Fat Brands CEO Andy Wiederhorn isn't letting the novel coronavirus crisis sway his aggressive acquisition and expansion plans for 2020 and beyond.
The company's impending purchase of Johnny Rockets for $25 million, announced last Thursday, followed years of acquisition discussions with previous owner Sun Capital Partners, Wiederhorn said in an email.
"COVID-19 is a temporary crisis and we are buying Johnny Rockets for the long term," he said.
Fat Brands' portfolio mix of casual and fast casual brands has allowed the restaurant company to remain resilient, Wiederhorn said, despite the economic upheaval of municipal dining room closures and social distancing mandates across the country. And though the addition of Johnny Rockets brings the restaurant group's brands assets to a casual dining majority (5 out of its 9 restaurant chains), Wiederhorn is confident that the experienced-focused, '50s-style diner will round out its burger offerings and give franchisees more diversity within that subsegment.
“As of now, we have Fatburger, which is an urban brand, and Elevation Burger, which is a very healthy and organic burger brand. As a theme restaurant, Johnny Rockets fits into this perfectly," he said.
Johnny Rockets' restaurant locations, however, could prove to be obstacles in a post-pandemic environment. At the beginning of the year, the burger chain said it was looking to further expand its reach in casinos, theme parks, cruise ships and airports — industries that aren't expected to have a swift recovery.
But Wiederhorn sees immediate growth opportunity in allowing franchisees to scale Johnny Rockets through virtual restaurants via other Fat brands, he said.
“We are always looking for opportunities to grow and innovate. Ghost kitchens are a great way to do this as it allows us to offer our concepts in new territories at a faster rate," he said. "Similar to ghost kitchens, we have also seen great success with our virtual restaurant concept where franchisees will operate brands out of existing physical restaurant locations and provide a separate menu offered only via third-party delivery service providers.”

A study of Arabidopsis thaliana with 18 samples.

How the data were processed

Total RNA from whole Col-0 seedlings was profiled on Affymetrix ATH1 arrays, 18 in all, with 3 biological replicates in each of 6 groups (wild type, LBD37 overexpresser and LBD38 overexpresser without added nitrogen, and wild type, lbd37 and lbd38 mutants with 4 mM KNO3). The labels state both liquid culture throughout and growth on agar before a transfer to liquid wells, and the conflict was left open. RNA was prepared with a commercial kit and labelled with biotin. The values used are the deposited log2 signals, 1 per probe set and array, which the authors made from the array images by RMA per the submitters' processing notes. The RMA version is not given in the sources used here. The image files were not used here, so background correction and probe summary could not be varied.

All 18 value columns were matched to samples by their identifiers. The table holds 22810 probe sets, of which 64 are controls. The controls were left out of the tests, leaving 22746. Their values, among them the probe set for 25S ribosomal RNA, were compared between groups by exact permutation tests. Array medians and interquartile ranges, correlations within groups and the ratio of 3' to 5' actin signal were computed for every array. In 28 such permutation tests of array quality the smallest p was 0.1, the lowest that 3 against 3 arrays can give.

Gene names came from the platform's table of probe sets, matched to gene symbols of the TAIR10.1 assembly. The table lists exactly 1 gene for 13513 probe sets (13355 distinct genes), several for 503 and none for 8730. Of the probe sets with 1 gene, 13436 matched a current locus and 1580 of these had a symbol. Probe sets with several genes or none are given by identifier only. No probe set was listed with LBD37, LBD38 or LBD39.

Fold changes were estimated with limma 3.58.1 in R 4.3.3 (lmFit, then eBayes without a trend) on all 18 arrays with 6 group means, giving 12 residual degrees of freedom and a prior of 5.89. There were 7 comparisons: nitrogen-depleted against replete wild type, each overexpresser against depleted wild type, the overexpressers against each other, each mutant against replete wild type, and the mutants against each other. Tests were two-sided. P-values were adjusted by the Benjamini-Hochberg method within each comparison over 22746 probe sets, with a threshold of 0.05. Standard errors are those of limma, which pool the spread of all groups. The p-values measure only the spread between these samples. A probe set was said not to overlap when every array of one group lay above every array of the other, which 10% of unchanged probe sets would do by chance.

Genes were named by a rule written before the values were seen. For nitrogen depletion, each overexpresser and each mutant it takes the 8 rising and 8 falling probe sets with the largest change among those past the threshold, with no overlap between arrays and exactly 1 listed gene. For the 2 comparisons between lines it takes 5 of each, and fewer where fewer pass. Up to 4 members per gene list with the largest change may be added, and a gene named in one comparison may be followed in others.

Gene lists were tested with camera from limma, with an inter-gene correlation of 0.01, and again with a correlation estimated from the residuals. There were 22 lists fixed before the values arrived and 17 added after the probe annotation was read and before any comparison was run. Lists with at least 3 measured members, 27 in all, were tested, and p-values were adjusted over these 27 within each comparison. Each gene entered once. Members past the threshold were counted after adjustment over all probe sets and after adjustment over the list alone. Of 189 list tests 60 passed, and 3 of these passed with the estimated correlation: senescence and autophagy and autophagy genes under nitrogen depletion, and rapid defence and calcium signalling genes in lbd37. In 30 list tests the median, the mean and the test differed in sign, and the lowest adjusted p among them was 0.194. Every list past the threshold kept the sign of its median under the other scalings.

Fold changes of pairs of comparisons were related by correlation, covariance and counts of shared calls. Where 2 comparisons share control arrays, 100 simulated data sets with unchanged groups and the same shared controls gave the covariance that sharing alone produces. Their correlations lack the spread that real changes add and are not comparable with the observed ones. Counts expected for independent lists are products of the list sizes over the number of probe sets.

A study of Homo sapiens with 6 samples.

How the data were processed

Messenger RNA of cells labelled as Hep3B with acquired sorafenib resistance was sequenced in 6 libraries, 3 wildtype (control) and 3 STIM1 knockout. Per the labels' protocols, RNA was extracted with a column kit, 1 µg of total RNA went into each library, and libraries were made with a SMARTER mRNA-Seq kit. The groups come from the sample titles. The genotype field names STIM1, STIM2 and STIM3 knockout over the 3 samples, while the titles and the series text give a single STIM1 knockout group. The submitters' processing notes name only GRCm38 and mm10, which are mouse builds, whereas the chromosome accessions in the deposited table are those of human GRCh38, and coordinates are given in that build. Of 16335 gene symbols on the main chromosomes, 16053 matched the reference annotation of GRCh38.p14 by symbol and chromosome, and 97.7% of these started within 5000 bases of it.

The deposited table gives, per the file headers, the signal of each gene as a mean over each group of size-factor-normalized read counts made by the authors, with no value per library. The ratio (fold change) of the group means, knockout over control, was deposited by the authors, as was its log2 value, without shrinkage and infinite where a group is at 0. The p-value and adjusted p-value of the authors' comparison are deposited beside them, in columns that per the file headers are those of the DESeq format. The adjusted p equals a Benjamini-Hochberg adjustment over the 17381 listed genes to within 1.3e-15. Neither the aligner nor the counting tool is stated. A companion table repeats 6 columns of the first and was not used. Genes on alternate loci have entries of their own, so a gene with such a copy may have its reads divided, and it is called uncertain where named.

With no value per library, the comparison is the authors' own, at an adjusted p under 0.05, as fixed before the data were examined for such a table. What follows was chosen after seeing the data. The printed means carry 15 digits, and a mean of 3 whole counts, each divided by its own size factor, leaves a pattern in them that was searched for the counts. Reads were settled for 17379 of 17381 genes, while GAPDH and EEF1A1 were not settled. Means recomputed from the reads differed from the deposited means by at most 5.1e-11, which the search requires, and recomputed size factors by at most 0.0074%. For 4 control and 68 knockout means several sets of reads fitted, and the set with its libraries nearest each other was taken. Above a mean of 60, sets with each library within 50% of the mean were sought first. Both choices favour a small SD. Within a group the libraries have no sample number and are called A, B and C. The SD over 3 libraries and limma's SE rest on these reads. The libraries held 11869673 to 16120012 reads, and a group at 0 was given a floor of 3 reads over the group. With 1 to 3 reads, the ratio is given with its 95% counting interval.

In an interview last summer, Wiederhorn said its virtual restaurants operate out of the back-end of a host restaurant format, appearing only on diners' mobile delivery apps, to give franchisees more revenue opportunities as the restaurant market contends with pricey real estate costs. This spring, Fat Brands also teamed with ghost Chicago-based ghost kitchen platform Epic Kitchens in a development deal to launch 19 ghost kitchens, in addition to its virtual restaurants, in Chicago, Boston, Philadelphia and New York.
Fat Brands also plans to garner overhead savings for Johnny Rockets by integrating the diner into the company's existing structure of marketing, operations and legal, and to modernize the casual restaurant's menu with a plant-based burger option and potentially a vegan milkshake down the line.
"As of now, we have Fatburger, which is an urban brand, and Elevation Burger, which is a very healthy and organic burger brand. As a theme restaurant, Johnny Rockets fits into this perfectly."
CEO, Fat Brands
But the casual dining segment has been hit hard by changing consumer behavior under pandemic conditions. In July, full-service comp sales fell 26.4% while QSR comp sales increased 6.7%, according to Black Box Intelligence data. Johnny Rockets was already experiencing declines in 2019, with sales slipping 3.7% and its unit count shrinking 3.8% to 175 restaurants. As of August 6, roughly half of Fat's casual Ponderosa and Bonanza restaurants are either completely closed or have shuttered their indoor dining rooms, Wiederhorn said during a Q2 earnings call with investors. Total revenue dropped to $3.1 million from $5.9 million in the year-ago period, and system-wide sales fell 51% year-over-year.
However, Fat Brands sales are beginning to bounce back as shelter-in-place orders ease and it is able to reopen brand locations in phases across the country. From mid-May to the end of July, sales grew 44%, Wiederhorn said on the earnings call, driven by strong performance at fast casual Fatburger and casual chains Buffalo's Cafe and Hurricane Grill & Wings. These three restaurants make up 75% of the company's revenue.
The two latter brand's have benefited from their outdoor dining porches, and the company is encouraging franchisees of these East Coast restaurants to order heaters, tents and plastic walls to prepare for colder temperatures and maintain their outdoor dining offering, Wiederhorn said on the call.
"People will be eager to get out of their house and go back to restaurants for the experience, but we will also see people still leaning towards delivery options," Wiederhorn said. As for its newly acquired restaurant chain? “Johnny Rockets is a great brand that has a lot of legs, and we think we can really help take it to new heights."